Inverter Circuit using 555

Discussion in 'General Electronics Chat' started by imraneesa, May 1, 2015.

  1. imraneesa

    Thread Starter Member

    Dec 18, 2014
    184
    4
    Dear Sirs,

    I am trying to make inverter circuit using 555 using the attached schematic diagram.
    except i used 33uf instead 100uf (first capacitor) and 3300uf instead of 2200uf.
    the transformer i took from 17w fluorescent emergency light. that had 5 pins. 3 pins output side and two pins primary side.
    i did not use the third pin. i dont know where to connect it.
    my problem when i connect it to the batteries (4x3.7v lithium batteries) i am getting input signal only 0.57ac and output when i tested is 1.1ac only. output is connected to 17w fluorescent tube. i am attaching the picture of what i did also. IMG_20150501_095655.png IMG_20150501_095704.png IMG_20150501_095727.png invertera.png
     
  2. wayneh

    Expert

    Sep 9, 2010
    12,125
    3,048
    Divide and conquer. I would start by verifying that your 555 circuit is working. Break the connection between the output at pin 3 and the bases of the transistors. Put an LED there and see if it flashes. (You'll have to slow down the timer so that you can perceive the flashes.)

    While the two parts - the oscillator and the amplifier - are disconnected, you can also verify that the transistors are working properly. Just touch that resistor to either power rail to see if they switch as intended. It's very easy to get the pins wrong.

    You could also replace the transformer with a speaker, so you can hear your oscillator working.
     
  3. imraneesa

    Thread Starter Member

    Dec 18, 2014
    184
    4
    when i broke the circuit and added the led and changed the capacitor value to little big to slow down the frequency. the led start to blink good. now i am not sure how to test the pnp and npn transistors. in the datasheet it saying three pins as Base Collector and Emitter.
    why they have added 100 ohm at pin 3? the datasheet of tip41c and tip42c saying that the base current is 2A. if we are supplying 10v then resistor should be 10v/2amps i.e. 5ohms. why they used 100 ohms there. am i making any sense?
     
  4. tcmtech

    Well-Known Member

    Nov 4, 2013
    2,035
    1,660
    I suspect your transformer is a high frequency type not a low frequency type so that's where most of your problem is.
     
  5. imraneesa

    Thread Starter Member

    Dec 18, 2014
    184
    4
    so can i make use of same circuit with just changing resistor values to make it high frequency. how to make use of that transformer? how to find about that transformer? and what is that additional pin on the output side. is that have something to do with its working?
     
  6. ian field

    Distinguished Member

    Oct 27, 2012
    4,415
    784
    You may have to experiment with C/R timing values to get the best output from the transformer.
     
  7. imraneesa

    Thread Starter Member

    Dec 18, 2014
    184
    4
    when i check the voltage from the output after 2200uf capacitor to the negative terminal with the voltmeter i got ac current of 5v. but when i connect it to the transformer and then check the voltage on the input pins of transformer i only getting 0.5v. so where all the voltage going. if the frequency is not matching transformer does not behave good?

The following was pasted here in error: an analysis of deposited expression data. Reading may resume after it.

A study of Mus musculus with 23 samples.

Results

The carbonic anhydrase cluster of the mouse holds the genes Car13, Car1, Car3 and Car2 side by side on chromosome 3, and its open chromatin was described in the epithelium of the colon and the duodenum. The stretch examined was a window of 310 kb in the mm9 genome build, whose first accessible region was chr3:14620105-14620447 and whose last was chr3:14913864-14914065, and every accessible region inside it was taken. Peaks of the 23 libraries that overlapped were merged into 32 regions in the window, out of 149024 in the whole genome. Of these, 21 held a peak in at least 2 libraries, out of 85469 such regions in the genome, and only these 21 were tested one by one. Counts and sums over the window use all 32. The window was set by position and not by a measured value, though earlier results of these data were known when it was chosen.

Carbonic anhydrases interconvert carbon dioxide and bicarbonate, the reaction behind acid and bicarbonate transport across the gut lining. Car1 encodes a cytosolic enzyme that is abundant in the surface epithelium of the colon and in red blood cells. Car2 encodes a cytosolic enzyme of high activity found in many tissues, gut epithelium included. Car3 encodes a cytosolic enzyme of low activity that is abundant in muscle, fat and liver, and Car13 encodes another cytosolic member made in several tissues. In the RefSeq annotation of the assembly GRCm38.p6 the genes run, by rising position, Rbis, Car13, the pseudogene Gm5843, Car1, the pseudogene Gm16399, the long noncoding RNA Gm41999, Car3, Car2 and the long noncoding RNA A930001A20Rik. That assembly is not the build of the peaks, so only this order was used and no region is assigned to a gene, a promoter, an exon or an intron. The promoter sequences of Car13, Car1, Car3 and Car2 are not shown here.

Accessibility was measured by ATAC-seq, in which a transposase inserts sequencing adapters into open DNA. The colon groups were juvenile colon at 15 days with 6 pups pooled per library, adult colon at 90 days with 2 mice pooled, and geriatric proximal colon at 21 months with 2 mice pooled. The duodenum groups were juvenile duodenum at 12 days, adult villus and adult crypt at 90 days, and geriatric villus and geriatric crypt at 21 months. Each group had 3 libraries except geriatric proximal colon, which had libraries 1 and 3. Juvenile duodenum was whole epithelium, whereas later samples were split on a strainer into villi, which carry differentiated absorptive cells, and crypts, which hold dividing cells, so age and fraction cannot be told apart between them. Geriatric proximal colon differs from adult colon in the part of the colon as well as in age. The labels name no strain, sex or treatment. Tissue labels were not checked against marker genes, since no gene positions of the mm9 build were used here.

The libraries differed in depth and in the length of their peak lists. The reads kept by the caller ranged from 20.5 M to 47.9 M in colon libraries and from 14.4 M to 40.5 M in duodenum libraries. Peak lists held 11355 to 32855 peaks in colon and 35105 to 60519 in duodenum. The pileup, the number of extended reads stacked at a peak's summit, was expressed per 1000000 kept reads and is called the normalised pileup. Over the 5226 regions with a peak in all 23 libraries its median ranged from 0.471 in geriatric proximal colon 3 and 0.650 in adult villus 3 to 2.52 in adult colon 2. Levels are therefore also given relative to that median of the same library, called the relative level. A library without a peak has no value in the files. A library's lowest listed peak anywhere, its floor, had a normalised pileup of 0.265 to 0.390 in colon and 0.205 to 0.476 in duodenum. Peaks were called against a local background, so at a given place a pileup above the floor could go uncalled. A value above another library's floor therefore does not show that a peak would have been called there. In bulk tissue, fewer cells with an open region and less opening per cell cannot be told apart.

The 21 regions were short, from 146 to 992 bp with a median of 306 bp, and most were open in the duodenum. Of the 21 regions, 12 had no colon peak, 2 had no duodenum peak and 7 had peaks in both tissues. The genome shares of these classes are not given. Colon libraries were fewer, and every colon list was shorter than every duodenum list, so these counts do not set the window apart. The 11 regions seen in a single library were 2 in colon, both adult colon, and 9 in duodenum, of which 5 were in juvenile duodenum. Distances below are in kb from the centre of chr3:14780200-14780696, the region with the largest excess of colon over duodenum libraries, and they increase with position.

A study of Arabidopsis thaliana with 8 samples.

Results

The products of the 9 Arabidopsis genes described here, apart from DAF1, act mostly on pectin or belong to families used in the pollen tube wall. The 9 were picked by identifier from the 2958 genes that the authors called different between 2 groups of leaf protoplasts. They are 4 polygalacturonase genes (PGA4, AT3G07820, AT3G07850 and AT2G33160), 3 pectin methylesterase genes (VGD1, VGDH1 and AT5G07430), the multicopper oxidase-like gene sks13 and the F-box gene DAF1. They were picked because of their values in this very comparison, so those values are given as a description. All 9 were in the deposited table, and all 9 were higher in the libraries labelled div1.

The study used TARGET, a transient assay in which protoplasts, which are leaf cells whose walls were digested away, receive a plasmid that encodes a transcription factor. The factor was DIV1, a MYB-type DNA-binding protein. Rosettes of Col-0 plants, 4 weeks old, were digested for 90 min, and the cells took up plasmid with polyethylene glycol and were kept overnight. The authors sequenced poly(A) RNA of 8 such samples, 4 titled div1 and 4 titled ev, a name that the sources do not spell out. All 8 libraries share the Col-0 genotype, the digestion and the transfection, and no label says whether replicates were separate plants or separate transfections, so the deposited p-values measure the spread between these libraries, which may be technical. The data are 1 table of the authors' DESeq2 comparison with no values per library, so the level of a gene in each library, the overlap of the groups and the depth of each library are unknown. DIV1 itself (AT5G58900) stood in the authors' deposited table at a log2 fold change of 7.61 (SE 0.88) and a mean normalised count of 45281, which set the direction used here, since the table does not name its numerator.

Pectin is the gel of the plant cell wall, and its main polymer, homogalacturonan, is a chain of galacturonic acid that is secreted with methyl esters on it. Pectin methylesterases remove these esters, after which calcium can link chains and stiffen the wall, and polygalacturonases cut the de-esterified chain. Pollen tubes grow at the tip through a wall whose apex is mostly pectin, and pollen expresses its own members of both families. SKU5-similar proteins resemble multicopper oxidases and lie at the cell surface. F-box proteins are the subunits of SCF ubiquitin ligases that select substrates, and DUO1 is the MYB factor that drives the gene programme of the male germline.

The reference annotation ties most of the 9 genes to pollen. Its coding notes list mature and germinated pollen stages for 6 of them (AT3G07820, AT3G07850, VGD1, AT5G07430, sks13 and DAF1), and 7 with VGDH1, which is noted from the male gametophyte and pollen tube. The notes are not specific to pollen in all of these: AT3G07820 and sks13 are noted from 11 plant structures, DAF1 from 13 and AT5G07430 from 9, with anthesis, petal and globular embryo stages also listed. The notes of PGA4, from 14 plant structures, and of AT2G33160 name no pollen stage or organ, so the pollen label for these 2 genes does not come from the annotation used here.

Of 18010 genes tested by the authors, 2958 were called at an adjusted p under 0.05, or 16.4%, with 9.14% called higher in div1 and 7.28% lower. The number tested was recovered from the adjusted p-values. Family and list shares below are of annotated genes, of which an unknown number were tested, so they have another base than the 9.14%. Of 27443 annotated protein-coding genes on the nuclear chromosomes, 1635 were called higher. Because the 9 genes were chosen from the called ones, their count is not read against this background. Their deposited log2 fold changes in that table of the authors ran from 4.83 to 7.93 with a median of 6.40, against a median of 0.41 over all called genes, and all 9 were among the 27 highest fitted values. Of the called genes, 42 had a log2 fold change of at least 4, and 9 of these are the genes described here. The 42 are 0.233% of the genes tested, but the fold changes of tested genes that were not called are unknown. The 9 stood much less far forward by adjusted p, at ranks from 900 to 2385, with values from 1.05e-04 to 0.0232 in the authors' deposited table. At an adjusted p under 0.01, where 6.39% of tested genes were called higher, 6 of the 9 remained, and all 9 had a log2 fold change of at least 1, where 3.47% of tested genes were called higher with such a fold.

8. ian field

    Distinguished Member

    Oct 27, 2012
    4,415
    784
    That transformer will have a *VERY* low impedance at the frequency you want - you'll have a tough time driving any power into it!
     
  9. imraneesa

    Thread Starter Member

    Dec 18, 2014
    184
    4
    but the same transformer use to light that fluorscent lamp. i have the circuit but i did not understand. it it was using d882 transistor. how to find what frequency it need. how to solve this problem. give me some ideas. i will follow as you say. thank you very much for your patience and kind help.
     
  10. imraneesa

    Thread Starter Member

    Dec 18, 2014
    184
    4
    i just want that transformer work. i want to see it work to light that same light it use to light before. please tell me what i can do.
     
  11. ian field

    Distinguished Member

    Oct 27, 2012
    4,415
    784
    The magic ingredient is switching frequency.
     
  12. imraneesa

    Thread Starter Member

    Dec 18, 2014
    184
    4
    how much frequency i can try it with. i am trying with in the range 40hz to 65hz. but no luck. but i notice as the low frequency output also reduced. so i dont know much frequency to apply. can you give me any idea? thank you.
     
  13. tcmtech

    Well-Known Member

    Nov 4, 2013
    2,035
    1,660
    I would start experimenting in the few tens of kilohertz range.
     
  14. ian field

    Distinguished Member

    Oct 27, 2012
    4,415

    A few decades ago someone noticed that florescent tubes gave about 15 - 20% more light if they were driven with AC at 20kHz - you transformer is likely designed to work somewhere around that frequency.

    If you want to make a battery to mains inverter - you have to use a big heavy laminated iron core transformer, just like they do in uninterruptible power supplies.
     
  15. takao21203

    Distinguished Member

    Apr 28, 2012
    3,577
    463
    these transformers are notorious not to work right at low frequency.

    at 50 KHz you dont need 3300uF moreover it has no effect.
    The circuit is for iron core transformer.

    Also the tube needs starting voltage which is very high, then burns at maybe 70 volts, CFLs use a choke for that (like a HF ballast).